Obesity, High Blood Pressure Linked to Type of Kidney Cancer
WebMD News Archive
What Chow and colleagues found was that men with the highest body mass had nearly double the risk for developing kidney cancer, compared with men who had the lowest body mass. There also was a direct association between higher blood pressures and higher risk of kidney cancer, she reports.
In addition, six years after the beginning of the study, subjects were checked for weight and blood pressure, a strategy that led the researchers to a crucial discovery: Regardless of the original measure of blood pressure or body mass, increases in either measure contributed to a risk for later disease.
What the study does not demonstrate conclusively are the reasons for why high blood pressure and obesity lead to renal cell cancer. But Chow and colleagues suggest some hypotheses about what those mechanisms may be: Obese persons have high concentrations in the blood of an agent known as insulin-like growth factor I, which is believed to affect the growth of cells. As for high blood pressure, changes in kidney function that accompany high blood pressure may render the organ susceptible to carcinogens and tumor growth, they suggest.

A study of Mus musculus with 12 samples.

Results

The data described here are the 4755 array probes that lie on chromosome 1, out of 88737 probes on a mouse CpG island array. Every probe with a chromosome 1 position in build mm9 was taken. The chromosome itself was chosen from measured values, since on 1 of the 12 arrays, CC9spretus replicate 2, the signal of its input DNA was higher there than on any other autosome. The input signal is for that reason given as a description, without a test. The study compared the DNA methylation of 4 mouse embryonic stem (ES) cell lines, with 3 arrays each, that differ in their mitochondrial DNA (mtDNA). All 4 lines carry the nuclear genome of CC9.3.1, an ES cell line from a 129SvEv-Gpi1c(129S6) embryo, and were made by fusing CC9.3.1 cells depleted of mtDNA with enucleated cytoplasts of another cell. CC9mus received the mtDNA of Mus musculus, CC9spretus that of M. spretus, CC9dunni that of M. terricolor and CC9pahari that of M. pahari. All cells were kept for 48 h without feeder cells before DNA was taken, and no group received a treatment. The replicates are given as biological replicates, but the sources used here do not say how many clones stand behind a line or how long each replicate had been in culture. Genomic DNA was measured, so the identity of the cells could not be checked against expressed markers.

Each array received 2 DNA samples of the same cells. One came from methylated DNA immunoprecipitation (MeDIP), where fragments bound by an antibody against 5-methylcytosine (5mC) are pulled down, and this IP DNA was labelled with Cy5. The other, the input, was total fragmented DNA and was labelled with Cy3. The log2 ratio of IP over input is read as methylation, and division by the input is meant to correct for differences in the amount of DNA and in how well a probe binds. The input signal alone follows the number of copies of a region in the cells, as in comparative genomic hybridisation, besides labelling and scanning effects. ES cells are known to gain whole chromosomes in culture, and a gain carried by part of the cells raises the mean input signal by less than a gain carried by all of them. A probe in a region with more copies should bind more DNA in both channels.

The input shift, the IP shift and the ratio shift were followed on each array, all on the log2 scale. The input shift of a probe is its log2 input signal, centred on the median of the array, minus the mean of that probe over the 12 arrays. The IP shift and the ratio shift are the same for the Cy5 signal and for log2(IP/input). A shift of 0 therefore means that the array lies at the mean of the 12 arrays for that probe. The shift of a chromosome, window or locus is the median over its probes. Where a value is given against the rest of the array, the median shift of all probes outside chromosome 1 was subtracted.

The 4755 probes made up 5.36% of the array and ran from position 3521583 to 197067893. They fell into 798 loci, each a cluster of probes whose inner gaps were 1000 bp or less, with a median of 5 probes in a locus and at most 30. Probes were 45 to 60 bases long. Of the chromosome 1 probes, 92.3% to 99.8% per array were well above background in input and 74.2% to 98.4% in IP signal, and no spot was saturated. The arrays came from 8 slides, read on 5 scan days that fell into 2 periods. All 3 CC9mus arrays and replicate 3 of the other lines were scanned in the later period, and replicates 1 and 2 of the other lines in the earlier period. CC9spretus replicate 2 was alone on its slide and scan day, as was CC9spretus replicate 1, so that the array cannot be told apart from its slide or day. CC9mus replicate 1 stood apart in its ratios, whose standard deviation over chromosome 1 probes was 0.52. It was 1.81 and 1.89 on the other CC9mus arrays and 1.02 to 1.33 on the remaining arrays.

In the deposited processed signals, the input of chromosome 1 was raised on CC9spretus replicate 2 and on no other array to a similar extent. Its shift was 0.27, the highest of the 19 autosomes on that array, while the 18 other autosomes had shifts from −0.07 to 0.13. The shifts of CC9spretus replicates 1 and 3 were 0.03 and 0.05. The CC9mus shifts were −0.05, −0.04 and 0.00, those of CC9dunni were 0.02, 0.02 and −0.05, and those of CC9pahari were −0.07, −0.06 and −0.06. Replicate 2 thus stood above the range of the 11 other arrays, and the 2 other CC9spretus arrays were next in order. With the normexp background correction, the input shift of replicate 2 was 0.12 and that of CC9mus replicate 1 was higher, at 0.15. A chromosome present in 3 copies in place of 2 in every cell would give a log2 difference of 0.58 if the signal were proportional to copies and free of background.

David L. Katz, MD, MPH, associate professor of medicine at Yale University School of Medicine, says the report "provides compelling evidence linking obesity and hypertension to renal cell cancer."
Katz, who reviewed the report for WebMD, says the strength of the study is the large number of patients who were followed. "What is most impressive is the volume of data collected and the extensive follow-up," Katz tells WebMD. "One hopes in epidemiology that if you look at enough people for long enough time, the patterns that emerge approximate the truth."
Katz says a possible shortcoming in the report is the fact that the men in the study were construction workers; it is not clear whether the incidence of cancer among that group was markedly different than the general population, or whether the incidence of cancer in the group was related to occupational exposures, he says.
But he says that obesity has been implicated in a host of conditions. Though there is a "worsening epidemic" of obesity in the U.S., there is as yet no clearly defined strategy for intervening and treating the problem, he says.